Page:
The biggest religious liberty case coming up in next year’s Supreme Court term is Holt v. Hobbs, which involves a prisoner who is prohibited from growing a half-inch beard in accordance with his faith. Holt is represented by the Becket Fund for Religious Liberty and University of Virginia law professor Doug Laycock.
A broad coalition from across the political spectrum has filed amicus briefs in support of Mr. Holt: the U.S. government, Alliance Defending Freedom, the ACLU, Prison Fellowship Ministries (originally founded by Evangelical Chuck Colson), Islamic law scholars, Christian Legal Society, Jewish organizations, the Catholic bishops, the Southern Baptist Convention’s International Mission Board, the Anti-Defamation League, and even Americans United for the Separation of Church and State.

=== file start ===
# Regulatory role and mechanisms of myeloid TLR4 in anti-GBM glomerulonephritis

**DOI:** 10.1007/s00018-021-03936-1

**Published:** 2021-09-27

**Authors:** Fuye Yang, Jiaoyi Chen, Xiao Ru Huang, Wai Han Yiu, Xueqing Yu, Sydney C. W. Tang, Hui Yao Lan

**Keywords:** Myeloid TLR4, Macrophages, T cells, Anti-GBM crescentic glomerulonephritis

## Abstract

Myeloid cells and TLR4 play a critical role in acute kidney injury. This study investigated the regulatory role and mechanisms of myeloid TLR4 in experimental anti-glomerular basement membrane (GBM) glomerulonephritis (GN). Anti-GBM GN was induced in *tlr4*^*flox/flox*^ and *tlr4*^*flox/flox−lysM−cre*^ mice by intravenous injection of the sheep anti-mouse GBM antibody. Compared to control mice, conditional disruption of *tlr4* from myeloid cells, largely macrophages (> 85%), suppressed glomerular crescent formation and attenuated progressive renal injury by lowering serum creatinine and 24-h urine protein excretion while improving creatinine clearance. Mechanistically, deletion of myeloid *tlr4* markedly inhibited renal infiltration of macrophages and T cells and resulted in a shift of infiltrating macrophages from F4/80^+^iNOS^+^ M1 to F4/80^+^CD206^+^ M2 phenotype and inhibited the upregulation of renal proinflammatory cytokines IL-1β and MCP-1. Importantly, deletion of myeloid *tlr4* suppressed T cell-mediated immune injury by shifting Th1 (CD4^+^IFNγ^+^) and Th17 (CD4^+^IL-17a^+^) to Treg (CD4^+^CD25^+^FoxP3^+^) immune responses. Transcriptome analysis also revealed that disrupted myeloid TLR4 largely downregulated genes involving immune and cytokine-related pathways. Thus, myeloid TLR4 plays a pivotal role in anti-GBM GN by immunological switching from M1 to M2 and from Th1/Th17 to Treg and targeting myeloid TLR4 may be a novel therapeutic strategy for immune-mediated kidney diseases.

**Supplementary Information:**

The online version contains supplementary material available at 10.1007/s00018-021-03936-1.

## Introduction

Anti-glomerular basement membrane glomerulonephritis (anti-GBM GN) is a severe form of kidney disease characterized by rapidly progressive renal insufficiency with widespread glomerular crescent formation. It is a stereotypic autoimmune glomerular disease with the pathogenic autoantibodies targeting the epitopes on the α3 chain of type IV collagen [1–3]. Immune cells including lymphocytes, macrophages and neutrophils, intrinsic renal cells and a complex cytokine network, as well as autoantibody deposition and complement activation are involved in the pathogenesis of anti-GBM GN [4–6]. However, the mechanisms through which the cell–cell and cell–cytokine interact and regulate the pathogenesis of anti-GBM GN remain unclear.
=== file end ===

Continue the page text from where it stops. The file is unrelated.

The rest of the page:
These groups’ unity shows that freedom of religion has broad support across the political spectrum, and shows how fringe-y arguments seeking to limit it really are. Amici agree that religious freedom extends even to how and whether an individual prisoner can wear a beard in prison according to his faith. That’s a staggering level of agreement for such a potentially contentious issue.
Although these amici ended up on both sides of Hobby Lobby/Conestoga Wood Specialties, they at least agree that religious exercise has an individual dimension that demands the strictest scrutiny. After all, they recognize why the law protects religious expression in the first place: because it’s a human right.